Like every New Year’s Eve, we gather around our loved ones, stay up until midnight and make resolutions for the next 12 months. The new year is supposed to bring us hope, joy and memories. This year on NYE I gathered with my wife, son, niece, nephew, brother-in-law, sister-in-law and close friends. Less than two hours away my mother-in-law and father-in-law have their own tradition in the Bay Area. They gather with their close friends and ring in the new year as they have since 2009. Little did we all know that this would be the last “traditional” New Year’s Eve for all of us.
My father-in-law, Louis Silvia, fell ill over the holiday but that did not stop him and my mother-in-law (Lynda) from celebrating the new year. On New Year’s Day, the two went to Monterey together. It was an annual trip that two have made to celebrate their anniversary. Upon arrival Louis began to fill chills and not feeling himself. The two checked into their hotel and the next day he was feeling well enough to visit local missions and attempted to finish the trip. Later that day he was not feeling well at all and the two decided to cut their trip short. They checked into the hospital where his condition worsened and he was admitted to the Intensive Care Unit on Jan. 6.
Tuesday, Jan. 8 was the day his fight ended. We were all there at the hospital and though it seemed grim, I had hope that his condition would take a turn for the better. Louis was a fighter; he was diagnosed with prostate cancer in November and was scheduled to have it removed in February. However, around 8:40 p.m. the terrifying alert was announced “Code Blue in room 234”. They performed CPR on him for close to a half hour and around 9:26 p.m. he had passed.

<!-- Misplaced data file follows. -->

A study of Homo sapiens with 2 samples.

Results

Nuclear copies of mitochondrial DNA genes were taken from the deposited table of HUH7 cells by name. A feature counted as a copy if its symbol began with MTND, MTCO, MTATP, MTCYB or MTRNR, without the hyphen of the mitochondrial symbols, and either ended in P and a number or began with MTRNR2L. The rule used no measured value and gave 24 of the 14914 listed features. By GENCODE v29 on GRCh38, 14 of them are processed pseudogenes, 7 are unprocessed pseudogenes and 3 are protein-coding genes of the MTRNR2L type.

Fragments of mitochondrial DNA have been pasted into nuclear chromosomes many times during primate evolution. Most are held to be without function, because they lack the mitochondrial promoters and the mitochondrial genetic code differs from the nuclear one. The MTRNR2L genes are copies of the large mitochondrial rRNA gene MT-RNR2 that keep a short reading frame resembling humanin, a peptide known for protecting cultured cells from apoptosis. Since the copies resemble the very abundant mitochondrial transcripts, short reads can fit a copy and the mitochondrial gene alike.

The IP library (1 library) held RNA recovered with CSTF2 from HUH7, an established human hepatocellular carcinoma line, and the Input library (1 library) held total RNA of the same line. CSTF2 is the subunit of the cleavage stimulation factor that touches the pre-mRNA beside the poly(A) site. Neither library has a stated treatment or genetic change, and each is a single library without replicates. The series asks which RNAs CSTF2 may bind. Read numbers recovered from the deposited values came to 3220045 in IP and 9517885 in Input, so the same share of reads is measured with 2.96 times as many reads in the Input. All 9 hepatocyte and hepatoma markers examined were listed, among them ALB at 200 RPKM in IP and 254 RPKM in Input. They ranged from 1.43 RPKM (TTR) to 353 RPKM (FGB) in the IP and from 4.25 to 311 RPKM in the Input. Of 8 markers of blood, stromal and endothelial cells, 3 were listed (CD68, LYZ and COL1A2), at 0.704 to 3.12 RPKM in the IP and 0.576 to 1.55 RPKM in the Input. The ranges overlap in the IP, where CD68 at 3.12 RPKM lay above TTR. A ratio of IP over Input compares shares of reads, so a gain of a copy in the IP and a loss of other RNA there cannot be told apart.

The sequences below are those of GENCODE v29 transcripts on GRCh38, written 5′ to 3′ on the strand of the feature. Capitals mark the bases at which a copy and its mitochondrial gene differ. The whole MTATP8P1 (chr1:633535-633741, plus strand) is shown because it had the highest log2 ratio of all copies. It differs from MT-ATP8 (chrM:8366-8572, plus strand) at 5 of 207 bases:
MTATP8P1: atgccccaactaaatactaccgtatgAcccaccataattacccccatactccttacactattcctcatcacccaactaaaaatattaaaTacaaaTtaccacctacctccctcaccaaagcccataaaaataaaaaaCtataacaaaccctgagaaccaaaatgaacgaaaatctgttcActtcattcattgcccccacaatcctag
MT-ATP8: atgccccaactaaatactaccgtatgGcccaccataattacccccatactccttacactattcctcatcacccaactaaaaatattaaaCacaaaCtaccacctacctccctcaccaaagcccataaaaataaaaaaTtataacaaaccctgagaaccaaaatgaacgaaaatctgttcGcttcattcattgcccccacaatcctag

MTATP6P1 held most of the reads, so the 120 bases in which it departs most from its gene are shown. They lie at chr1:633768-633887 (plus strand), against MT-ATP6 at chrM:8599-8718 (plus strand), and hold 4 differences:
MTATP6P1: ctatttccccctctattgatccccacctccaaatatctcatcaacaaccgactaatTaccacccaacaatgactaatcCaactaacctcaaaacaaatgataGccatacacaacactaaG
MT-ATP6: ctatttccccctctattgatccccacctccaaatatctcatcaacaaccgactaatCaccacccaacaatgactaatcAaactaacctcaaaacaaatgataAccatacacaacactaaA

That was not the way I want to remember him; tubes down his throat and up his noise. For me, Louis was a gentle, fun loving guy. His personality and laugh was very infectious. He loved to laugh, he loved the Lord and more so; he loved his family.
The first time I ever met him, I very nervous. I was between jobs; and the first time I saw him was after he got home from a long day and night at work. He worked in the Bay Area and came home around 10:30 p.m. I got off the couch and shook his hand and introduced myself. He looked at me and said “Hello”. From that moment on he welcomed me and later that week I came over for Thanksgiving. That was in 2011.
Some of my favorite memories of him included the time we went to go pick up my wife’s engagement ring. It was just the two of us in the car and to be honest it was a little intimidating for me. I had not spent much time alone with him at that point and the car ride was rather quiet early. However, we began talking about music and other interests. It was our first bonding moment where it was just the two of us. The car ride home he said: “The tiny box represents so much. It is more than just a ring, but it is a promise; and a symbol of your love and bond to my daughter.” I’m not sure I ever shared that until now, but I will never forget that.
His love for Lynda was unlike any other. The two were married for 47 years and they acted like newlyweds every time you saw them together. I want to live my life like Louis did. He had faith in the Lord, a hard worker, an honest man and a family man. I miss him every day but I want to live by his example, and teach my son as much as I can and keep his memory alive. Louis may be gone, but his values and laughter will live on forever. Through his family and friends.
Dennis D. Cruz is a staff reporter for The Oakdale Leader, The Riverbank News and The Escalon Times. He may be reached at firstname.lastname@example.org or by calling 847-3021.